The greatest thing about book clubs is that it opens you up to a world of books you might not otherwise pick up, enter Y.S. Lee’s “The Agency: A Spy in the House“. What an outstanding young adult novel filled with suspense, mystery and a little bit of romance. We’re first introduced to Mary Lang when she’s 12 years old and up to no good. After losing her family, she is on a fast track to nowhere and winds up getting into enough trouble to land her in jail and ultimately will end in her being hanged. After her judgement is announced, the world turns black and she wakes up in a place she’s never been before with women she’s never seen in her life, where everyone is promising her that she’s destined for a better life and a second chance. This magical place is called ‘Miss Scrimshaw’s Academy for Girls’ and it’s an academy that educates young girls who are in need of direction.
The story then jumps to a now 17-year-old Mary who has grown into an independent (and obedient) young woman. You can sense that her gratitude towards the Academy is endless and she respects and admires her teachers. That’s why when two of her teachers bring her into a room by herself and ask her to join the Agency, which in turn is what the Academy has been all along, unbeknownst to Mary. The Agency is a secret investigation team that finds criminals and people up to no good and ensure that their handed over to the police for justice.
They always knew Mary was different and their trust in her is endless. After quickly proving that she’s up for whatever mission they send her on, she is handed her first investigation – to live with the Thorold family and find out if the father, Henry Thorold is indeed smuggling antiques from India. She is used as a ploy for the Thorold daughter, Angelica as a paid companion. She is renamed Mary Quinn to protect the Agency.
Once in the home, she sets right to work, although facing difficulty in connecting with Angelica, who proves to be bossy and unreasonable at times. That doesn’t stop Mary from searching for anything that might link Mr. Thorold to a crime she’s sure is being committed. She searches high and low on the first couple of nights and quickly gets caught snooping by another person trying to dig up dirt on the family, enter the irritable, but handsome James Easton. His brother is pursuit of Angelica’s heart, but before they become an item, James is in hunt of any kind of information that might prove why their families should not be joined. Mary comes up with an excuse to explain her reason for looking through drawers. As both are searching for something that proves the family is guilty of something, they decide to team up together even though most of the time they are arguing with one another.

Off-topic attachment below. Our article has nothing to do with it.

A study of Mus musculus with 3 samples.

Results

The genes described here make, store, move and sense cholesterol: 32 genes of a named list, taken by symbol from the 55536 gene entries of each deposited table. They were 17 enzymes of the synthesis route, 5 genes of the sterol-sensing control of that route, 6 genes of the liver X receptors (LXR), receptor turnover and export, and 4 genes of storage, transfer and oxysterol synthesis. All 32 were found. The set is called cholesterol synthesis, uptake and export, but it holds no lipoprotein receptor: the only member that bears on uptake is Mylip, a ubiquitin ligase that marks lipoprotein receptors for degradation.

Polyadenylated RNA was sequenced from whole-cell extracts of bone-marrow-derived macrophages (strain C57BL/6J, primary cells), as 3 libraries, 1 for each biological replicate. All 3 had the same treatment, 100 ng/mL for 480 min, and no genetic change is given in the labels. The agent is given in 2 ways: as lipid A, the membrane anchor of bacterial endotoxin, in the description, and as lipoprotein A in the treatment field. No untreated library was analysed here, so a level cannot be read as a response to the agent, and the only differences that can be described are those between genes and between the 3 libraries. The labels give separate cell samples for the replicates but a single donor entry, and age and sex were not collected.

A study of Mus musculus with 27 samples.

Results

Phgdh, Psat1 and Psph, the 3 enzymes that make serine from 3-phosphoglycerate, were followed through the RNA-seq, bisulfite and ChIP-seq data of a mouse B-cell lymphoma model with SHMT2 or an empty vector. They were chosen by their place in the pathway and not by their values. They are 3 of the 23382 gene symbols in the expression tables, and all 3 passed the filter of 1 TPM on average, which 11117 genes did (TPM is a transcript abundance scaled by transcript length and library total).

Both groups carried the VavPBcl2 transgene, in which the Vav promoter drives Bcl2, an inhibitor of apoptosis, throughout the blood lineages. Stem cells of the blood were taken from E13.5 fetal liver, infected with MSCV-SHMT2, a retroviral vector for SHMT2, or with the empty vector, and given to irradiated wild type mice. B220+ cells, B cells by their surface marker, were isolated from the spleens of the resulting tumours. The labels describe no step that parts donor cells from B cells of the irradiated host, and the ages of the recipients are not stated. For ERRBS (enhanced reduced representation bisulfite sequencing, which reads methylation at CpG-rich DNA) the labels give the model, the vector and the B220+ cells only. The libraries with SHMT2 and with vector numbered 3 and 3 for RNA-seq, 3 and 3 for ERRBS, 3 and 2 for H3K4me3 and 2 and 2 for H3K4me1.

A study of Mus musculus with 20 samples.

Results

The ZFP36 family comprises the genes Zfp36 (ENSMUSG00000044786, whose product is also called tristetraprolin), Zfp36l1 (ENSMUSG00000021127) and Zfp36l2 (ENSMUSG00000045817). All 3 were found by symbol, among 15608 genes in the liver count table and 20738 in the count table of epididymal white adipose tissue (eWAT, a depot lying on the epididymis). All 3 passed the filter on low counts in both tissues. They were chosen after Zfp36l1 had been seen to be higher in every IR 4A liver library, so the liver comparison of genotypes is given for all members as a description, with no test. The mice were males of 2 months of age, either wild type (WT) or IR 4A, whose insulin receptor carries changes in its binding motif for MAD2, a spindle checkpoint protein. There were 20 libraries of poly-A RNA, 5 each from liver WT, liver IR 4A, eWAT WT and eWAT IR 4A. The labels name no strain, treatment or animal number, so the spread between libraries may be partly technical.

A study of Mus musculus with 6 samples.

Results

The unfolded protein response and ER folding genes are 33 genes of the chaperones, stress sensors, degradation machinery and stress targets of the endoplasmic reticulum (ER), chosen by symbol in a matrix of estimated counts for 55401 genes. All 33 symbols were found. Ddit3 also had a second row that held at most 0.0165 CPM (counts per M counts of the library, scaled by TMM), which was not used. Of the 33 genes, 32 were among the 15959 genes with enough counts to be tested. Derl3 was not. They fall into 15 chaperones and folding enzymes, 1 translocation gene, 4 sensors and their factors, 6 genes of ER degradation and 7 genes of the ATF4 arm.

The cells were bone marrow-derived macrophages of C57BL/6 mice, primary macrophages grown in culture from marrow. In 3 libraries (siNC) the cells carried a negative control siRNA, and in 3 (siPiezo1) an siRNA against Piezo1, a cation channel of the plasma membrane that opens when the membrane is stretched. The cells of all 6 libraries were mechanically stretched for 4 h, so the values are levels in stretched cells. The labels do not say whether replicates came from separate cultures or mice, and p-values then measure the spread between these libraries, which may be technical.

We’re whisked into a Victorian world that is filled with a caste system and lies. This novel takes you on a rollercoaster ride throughout the entire 352 pages of “who done it” accusations and “finger-pointing”. Through it all, the reader connects to Mary Quinn and her strong and powerful voice that she always makes sure is heard. While on assignment, she also stumbles into a few mysteries that involve her past and her family. There are many unanswered questions in this topic, but this is likely why Y.S. Lee has created a series surrounding Mary’s adventures as an investigator. The newest installment to the series is in stores now and it’s called, “The Agency: The Body at the Tower“. I know I’ll be picking it up to find out what happens to Mary on her next spy mission.